With his column “The Cancer in Occupy,” published earlier this week at Truthdig, Chris Hedges angered many on the radical left with his harsh criticism of the Black Bloc anarchists. Truthout’s J.A. Myerson, an activist and journalist involved in OWS since the occupation’s earliest days, got hold of Hedges by phone to press the issue. —ARK
J.A. Myerson at Truthout:
JAM: You speak of the black bloc as though it were a political organization with membership, a violent, secretive, nihilistic cabal, which calls to mind the Black Hand, conveniently. It sounds like a really snarky question, but I swear I am genuinely interested in your answer: were you aware writing this piece that that is not an apt description of a black bloc, which is no organization at all, but a protest tactic that does more than just smash and burn?
CH: I put in there that they detest organization of any kind. I use part of their jargon - “feral” and “spontaneous” protest - whereby you walk down a street and nothing is planned. You walk by a window and you break it. They feel that any kind of attempt to plan immediately imposes a kind of hierarchy that they oppose. That’s in the piece. There’s a limit to expounding upon the internal - I didn’t get into primitive anarchism and all this kind of stuff. But that was certainly part of the piece. It’s precisely because they detest - there’s a line in the article that says that they are opposed to those of us on the organized left. The operative word is “organization.”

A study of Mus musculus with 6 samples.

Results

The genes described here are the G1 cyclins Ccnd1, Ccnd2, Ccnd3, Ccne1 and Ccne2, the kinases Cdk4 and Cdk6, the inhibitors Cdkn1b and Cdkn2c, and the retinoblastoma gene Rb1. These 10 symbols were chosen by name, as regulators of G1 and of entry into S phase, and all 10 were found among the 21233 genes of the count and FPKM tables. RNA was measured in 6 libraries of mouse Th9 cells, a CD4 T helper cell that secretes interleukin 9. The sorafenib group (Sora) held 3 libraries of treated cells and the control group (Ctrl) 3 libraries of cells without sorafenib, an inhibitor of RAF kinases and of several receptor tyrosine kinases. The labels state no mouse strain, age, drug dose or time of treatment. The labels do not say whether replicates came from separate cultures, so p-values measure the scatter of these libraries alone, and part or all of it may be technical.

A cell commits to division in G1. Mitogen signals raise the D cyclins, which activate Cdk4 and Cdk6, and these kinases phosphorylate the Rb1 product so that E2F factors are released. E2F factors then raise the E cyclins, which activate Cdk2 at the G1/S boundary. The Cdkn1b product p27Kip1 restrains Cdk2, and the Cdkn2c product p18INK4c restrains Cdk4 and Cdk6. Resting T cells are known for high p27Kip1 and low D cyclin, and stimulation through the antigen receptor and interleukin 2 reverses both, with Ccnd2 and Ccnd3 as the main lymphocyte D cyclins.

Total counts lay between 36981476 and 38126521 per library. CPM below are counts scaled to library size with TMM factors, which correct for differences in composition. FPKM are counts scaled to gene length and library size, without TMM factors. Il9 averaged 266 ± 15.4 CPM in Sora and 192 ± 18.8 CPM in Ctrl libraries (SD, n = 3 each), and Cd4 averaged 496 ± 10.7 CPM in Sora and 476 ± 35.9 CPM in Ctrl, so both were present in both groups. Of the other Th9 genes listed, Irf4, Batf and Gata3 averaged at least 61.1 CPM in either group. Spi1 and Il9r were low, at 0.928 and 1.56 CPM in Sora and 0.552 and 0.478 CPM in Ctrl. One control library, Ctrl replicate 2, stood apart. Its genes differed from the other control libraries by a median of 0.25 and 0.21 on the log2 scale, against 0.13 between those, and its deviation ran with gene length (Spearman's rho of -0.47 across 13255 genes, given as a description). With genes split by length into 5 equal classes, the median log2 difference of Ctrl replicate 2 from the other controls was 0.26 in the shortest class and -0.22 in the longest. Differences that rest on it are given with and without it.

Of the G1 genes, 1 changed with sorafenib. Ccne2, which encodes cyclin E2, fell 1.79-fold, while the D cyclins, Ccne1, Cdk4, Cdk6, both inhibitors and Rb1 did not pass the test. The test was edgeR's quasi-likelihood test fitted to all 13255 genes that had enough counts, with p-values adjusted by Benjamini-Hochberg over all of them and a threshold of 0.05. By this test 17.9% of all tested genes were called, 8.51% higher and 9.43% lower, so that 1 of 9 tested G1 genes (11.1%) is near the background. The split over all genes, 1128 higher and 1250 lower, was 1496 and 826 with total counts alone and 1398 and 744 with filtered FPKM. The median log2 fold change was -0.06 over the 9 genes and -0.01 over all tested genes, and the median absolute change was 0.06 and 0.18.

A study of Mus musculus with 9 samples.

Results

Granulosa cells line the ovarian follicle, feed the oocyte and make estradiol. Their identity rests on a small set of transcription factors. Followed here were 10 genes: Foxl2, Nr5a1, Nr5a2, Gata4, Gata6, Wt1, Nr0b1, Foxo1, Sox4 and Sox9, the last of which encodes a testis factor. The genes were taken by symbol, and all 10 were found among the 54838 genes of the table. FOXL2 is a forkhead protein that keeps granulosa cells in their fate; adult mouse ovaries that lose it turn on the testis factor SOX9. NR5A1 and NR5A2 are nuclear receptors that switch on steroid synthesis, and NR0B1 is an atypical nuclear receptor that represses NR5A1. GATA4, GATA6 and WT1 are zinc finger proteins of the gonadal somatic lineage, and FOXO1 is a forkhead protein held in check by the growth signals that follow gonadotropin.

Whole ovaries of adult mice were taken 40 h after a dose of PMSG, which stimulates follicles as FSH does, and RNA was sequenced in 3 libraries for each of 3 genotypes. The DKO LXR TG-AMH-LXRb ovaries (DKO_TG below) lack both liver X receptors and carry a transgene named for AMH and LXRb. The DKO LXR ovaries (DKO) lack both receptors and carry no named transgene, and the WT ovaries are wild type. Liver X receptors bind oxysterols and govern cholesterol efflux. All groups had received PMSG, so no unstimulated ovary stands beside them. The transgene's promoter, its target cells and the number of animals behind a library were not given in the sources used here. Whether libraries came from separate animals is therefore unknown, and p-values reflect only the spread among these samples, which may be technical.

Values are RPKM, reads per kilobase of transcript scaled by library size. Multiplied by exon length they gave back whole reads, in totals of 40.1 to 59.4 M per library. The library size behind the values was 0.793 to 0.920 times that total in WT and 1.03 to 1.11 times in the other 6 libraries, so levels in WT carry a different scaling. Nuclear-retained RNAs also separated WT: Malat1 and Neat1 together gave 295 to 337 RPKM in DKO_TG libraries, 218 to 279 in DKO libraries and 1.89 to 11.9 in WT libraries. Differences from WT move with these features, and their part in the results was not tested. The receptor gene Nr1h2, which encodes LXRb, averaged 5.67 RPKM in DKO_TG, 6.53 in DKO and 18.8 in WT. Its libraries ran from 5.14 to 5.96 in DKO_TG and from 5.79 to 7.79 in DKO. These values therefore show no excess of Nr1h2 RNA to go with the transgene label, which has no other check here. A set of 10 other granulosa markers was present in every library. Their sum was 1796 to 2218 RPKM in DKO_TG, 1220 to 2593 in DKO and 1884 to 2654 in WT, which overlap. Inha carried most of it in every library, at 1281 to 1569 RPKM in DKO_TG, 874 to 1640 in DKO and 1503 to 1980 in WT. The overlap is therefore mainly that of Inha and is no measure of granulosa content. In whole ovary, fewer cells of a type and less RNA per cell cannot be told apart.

JAM: What then is the solution to the problem? What is the prognosis for the cancer?
CH: There has to be a rigid adherence to nonviolence. That does not mean that the black bloc can’t exist. We saw a multiplicity of groups in the 1960s - from the Yippies to the Panthers to the Weather Underground - but the movement itself has to continue to operate in a way that it does not alienate the mainstream. If the security and surveillance state is able to alienate the mainstream from OWS, then OWS will be far more vulnerable to being destroyed. That’s very similar to the civil rights movement. I’m a huge admirer of Malcolm X. And, yet, the establishment didn’t really fear Malcolm X; they feared King. That’s true here. They fear OWS. They don’t fear the black bloc.